Drawing out those deeper fish
  |  First Published: October 2016

October is my favourite time of year to fish the Hunter Valley. The nice warm days with cool nights make camping at either Glenbawn or St Clair quite pleasant, with predicable weather for a fun weekend away with friends and family. The water temperature should be hitting 20°C+ in the impoundments and this means fired up spring fishing. A lot of fish have lost their winter weight and there will be big fish on the move to shallow water. You’ll notice they take on a darker hue of bronze or black, to help camouflage themselves in the shallow clear water.

Glenbawn’s catchment has seen some good rain over winter; the water level rose quite some way. The weed beds are the best I’ve seen them in years. If these levels maintain this month, the shallow water fishing should be on fire. It’s time to break out the reaction lures and heavier line, because these guys mean business. No more little taps on soft plastics – these fish will nearly rip the rod out your hand as they try to crush your favourite reaction lure. Whether you’re using a topwater lure, crankbait, bladed jig, jerkbait or spinnerbait, they’ll eat it. Target shallow water structure around weed and timber.

Always remember that when it comes to casting an edge, fish are light oriented. Overcast days will see you catching fish up high in the water column all day. On clear days with no wind, it’s a different story. The bass bite their heads off for the first hour or two and then, like a switch, they turn off. They bide their time until the last hours of light before they start biting again.

By moving out deeper and slowing down, you can still catch some fish on blades, tail-spinners, plastics or trolled deep divers. At this time of year with the water temperatures warming, the crawfish and yabby populations are becoming active. Fish are starting to focus on them too. One of my favourite techniques to target these shut-down edge fish is with a skirted jig and plastic craw trailer.

As the sun gets higher, it will draw fish tighter to cover. A jig is one of the best ways to target them. A 3/8-3/4oz football or arkie style jig, dragged slowly or with tiny hops along the bottom, will hopefully catch you some bass and golden perch. Try focusing on the outside edge of the weed around timber and rock.

The fishing at Lake St Clair should be heating up too. Bigger bass at the lake are caught on topwater lures, and October is the month to do it. A popper, walk the dog style, cicada imitation, paddlers and even hollow belly frogs will get eaten. Like any style of fishing, it’s about working out what the fish want. Try different lures and styles of retrieves until that one bite tells you how they want it.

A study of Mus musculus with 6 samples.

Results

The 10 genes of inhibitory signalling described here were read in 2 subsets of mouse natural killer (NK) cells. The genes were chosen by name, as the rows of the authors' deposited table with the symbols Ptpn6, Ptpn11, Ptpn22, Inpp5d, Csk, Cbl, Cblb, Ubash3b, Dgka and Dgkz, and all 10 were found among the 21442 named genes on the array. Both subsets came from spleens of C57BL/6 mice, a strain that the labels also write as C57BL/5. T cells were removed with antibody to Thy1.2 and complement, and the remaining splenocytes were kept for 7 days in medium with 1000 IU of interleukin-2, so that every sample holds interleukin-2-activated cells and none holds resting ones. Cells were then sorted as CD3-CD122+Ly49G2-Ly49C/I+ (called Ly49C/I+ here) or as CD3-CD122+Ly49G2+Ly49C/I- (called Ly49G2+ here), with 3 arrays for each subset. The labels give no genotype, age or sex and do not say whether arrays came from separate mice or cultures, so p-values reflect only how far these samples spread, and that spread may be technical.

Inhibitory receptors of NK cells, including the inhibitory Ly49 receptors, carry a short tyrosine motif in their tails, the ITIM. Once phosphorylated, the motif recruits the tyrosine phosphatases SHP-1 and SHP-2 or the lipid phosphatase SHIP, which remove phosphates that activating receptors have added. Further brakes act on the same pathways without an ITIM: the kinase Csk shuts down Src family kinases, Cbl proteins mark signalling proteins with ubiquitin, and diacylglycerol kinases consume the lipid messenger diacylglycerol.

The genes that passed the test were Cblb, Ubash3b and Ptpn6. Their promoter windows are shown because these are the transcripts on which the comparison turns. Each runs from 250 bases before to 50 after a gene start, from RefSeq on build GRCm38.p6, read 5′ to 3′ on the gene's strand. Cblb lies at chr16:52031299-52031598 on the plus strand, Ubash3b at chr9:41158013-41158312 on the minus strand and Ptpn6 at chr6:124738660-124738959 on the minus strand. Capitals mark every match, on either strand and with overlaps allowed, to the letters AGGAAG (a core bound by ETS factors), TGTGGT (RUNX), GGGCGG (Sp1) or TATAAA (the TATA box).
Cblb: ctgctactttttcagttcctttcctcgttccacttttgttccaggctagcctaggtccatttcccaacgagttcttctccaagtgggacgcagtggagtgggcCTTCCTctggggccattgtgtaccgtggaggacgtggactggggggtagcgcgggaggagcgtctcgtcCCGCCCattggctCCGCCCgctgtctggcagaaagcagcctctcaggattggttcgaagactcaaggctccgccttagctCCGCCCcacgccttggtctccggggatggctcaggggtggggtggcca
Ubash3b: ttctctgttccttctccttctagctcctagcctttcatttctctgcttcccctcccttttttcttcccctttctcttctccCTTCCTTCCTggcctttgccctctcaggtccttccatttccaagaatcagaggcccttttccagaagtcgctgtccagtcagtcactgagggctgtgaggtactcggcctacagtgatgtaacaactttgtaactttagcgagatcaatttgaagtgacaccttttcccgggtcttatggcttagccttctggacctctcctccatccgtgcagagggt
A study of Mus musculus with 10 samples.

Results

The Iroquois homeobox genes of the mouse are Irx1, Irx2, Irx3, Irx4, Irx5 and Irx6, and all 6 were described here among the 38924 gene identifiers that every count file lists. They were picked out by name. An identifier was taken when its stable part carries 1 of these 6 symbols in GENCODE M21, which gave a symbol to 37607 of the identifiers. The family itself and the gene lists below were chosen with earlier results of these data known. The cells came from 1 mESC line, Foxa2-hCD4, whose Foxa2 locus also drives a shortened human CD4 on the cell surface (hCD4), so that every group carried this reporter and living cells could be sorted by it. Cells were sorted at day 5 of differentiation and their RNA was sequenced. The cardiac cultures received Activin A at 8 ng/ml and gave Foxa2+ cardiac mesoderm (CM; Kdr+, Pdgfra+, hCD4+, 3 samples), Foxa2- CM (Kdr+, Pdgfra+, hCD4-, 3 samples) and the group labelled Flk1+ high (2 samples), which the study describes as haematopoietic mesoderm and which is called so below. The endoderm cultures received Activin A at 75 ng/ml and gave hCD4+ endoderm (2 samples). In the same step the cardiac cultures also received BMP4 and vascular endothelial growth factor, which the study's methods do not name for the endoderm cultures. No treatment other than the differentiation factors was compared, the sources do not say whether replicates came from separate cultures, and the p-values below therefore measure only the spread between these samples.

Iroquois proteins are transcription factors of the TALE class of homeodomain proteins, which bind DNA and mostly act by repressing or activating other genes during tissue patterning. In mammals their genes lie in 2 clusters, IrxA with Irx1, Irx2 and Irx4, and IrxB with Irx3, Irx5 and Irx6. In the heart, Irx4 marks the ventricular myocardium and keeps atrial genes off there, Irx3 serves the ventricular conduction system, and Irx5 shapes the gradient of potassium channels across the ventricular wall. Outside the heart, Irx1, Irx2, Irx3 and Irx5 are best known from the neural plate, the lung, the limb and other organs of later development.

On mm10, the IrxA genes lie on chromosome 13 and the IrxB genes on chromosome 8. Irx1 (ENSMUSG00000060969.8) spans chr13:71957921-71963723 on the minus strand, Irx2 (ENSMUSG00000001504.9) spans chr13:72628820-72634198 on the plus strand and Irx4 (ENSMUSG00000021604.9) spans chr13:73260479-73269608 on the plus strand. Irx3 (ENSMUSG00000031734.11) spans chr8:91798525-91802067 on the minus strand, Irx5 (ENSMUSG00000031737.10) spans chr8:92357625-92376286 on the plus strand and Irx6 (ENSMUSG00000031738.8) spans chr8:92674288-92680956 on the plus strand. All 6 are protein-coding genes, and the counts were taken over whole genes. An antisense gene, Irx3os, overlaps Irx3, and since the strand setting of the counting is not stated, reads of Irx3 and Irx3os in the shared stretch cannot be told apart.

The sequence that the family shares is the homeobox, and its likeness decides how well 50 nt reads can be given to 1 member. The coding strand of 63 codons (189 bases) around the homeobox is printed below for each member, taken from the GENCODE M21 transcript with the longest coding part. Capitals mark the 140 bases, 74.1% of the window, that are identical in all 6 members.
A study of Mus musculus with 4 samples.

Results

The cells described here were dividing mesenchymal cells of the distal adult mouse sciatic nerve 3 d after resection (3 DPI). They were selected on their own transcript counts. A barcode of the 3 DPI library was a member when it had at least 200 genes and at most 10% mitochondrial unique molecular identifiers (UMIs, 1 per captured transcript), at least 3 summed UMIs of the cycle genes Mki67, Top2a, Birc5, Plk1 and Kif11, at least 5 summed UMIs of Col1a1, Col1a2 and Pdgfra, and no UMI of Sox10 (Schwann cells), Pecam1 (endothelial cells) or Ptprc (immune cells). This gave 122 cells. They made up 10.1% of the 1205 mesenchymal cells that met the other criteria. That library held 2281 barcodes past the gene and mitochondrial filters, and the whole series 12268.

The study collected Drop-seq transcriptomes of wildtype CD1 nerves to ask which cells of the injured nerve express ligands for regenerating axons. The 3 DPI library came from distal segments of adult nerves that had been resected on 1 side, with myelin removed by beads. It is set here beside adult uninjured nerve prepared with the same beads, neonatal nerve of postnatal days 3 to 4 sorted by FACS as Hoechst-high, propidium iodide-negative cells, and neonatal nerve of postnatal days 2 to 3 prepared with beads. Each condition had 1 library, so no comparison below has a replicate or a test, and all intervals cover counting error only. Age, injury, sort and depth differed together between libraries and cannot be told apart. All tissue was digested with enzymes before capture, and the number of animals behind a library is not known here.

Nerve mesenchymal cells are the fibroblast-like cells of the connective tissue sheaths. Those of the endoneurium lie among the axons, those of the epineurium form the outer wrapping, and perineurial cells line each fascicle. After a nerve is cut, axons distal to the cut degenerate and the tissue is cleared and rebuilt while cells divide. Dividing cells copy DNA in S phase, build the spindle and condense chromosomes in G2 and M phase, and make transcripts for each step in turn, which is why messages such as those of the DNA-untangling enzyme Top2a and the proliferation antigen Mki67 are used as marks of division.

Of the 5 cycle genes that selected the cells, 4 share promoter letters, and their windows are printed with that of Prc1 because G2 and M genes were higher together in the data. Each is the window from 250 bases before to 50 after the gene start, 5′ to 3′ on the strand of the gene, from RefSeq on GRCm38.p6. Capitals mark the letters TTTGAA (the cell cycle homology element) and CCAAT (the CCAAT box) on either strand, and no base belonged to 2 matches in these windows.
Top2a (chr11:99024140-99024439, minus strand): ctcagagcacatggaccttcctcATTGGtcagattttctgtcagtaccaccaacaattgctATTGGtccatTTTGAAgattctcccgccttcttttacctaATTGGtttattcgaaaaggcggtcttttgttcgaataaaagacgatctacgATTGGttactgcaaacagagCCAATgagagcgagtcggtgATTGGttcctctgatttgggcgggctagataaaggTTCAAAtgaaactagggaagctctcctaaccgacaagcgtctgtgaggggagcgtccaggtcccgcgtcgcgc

Super shallow water in the low light is where you want to target the bigger fish. They will be up tight on the edge, hunting in the shallows. Get yourself parallel to a bank, so your whole retrieve stays in the strike zone. This can get you quicker results and you can cover more ground to find those active fish. If the topwater lures aren’t working, a reaction bait should. With St Clair’s weed being so thick this year, a spinnerbait or bladed jig will pop through a lot better than a trebled lure. Concentrate on following the contour of the weed. Your retrieve will see the bass or yellowbelly dart out and slam your lure.

As with any reaction lure, upping your line weight is a must. Fish won’t shy at line thickness. You’ll need at least 12-20lb to survive the initial shock of the strike. When a fish buries you in the weed or timber, the thicker line will give you time to get over to the fish, and try and bring it to the surface.

St Clair and Glenbawn are similar to fish at this time of the year, and the same goes for how fish react to light. When the fishing slows at St Clair due to the sun, you can change it up by slowing down and sinking lures into the weed. A weedless-rigged craw plastic or skirted jig, worked along the bottom through broken weed or into holes, works really well. Or, sink a weedless-rigged swimbait or paddle-tail to the bottom through the weed and swim it out, to target fish hiding deep in the weed and escaping sunlight.

The Hunter River bass population will be making their way further upstream this month. This means the fish are starting to spread out and become more active. When fishing the lower tidal reaches, it pays to keep in mind that these fish are very much attuned to their environment. If the tide is not quite right, it will keep them tight lipped so don’t waste your time running around looking for fish. Fish come on the bite when they’re ready, so concentrate on one stretch of river and fish as the tide moves through its cycle. Once you work out what stage they bite, you can run the tide and hopefully catch fish throughout the lower system. All your typical river bass lures will work this month, with the topwater bite becoming more prolific.


Tom Slater with a golden perch caught at Lake Glenbawn on a swimbait.


A Lake Glenbawn yellowbelly caught on a lipless crankbait.


The author with a Lake St Clair bass caught on a Bassman Mumbler.


The author caught this bass at Glenbawn on a skirted jig.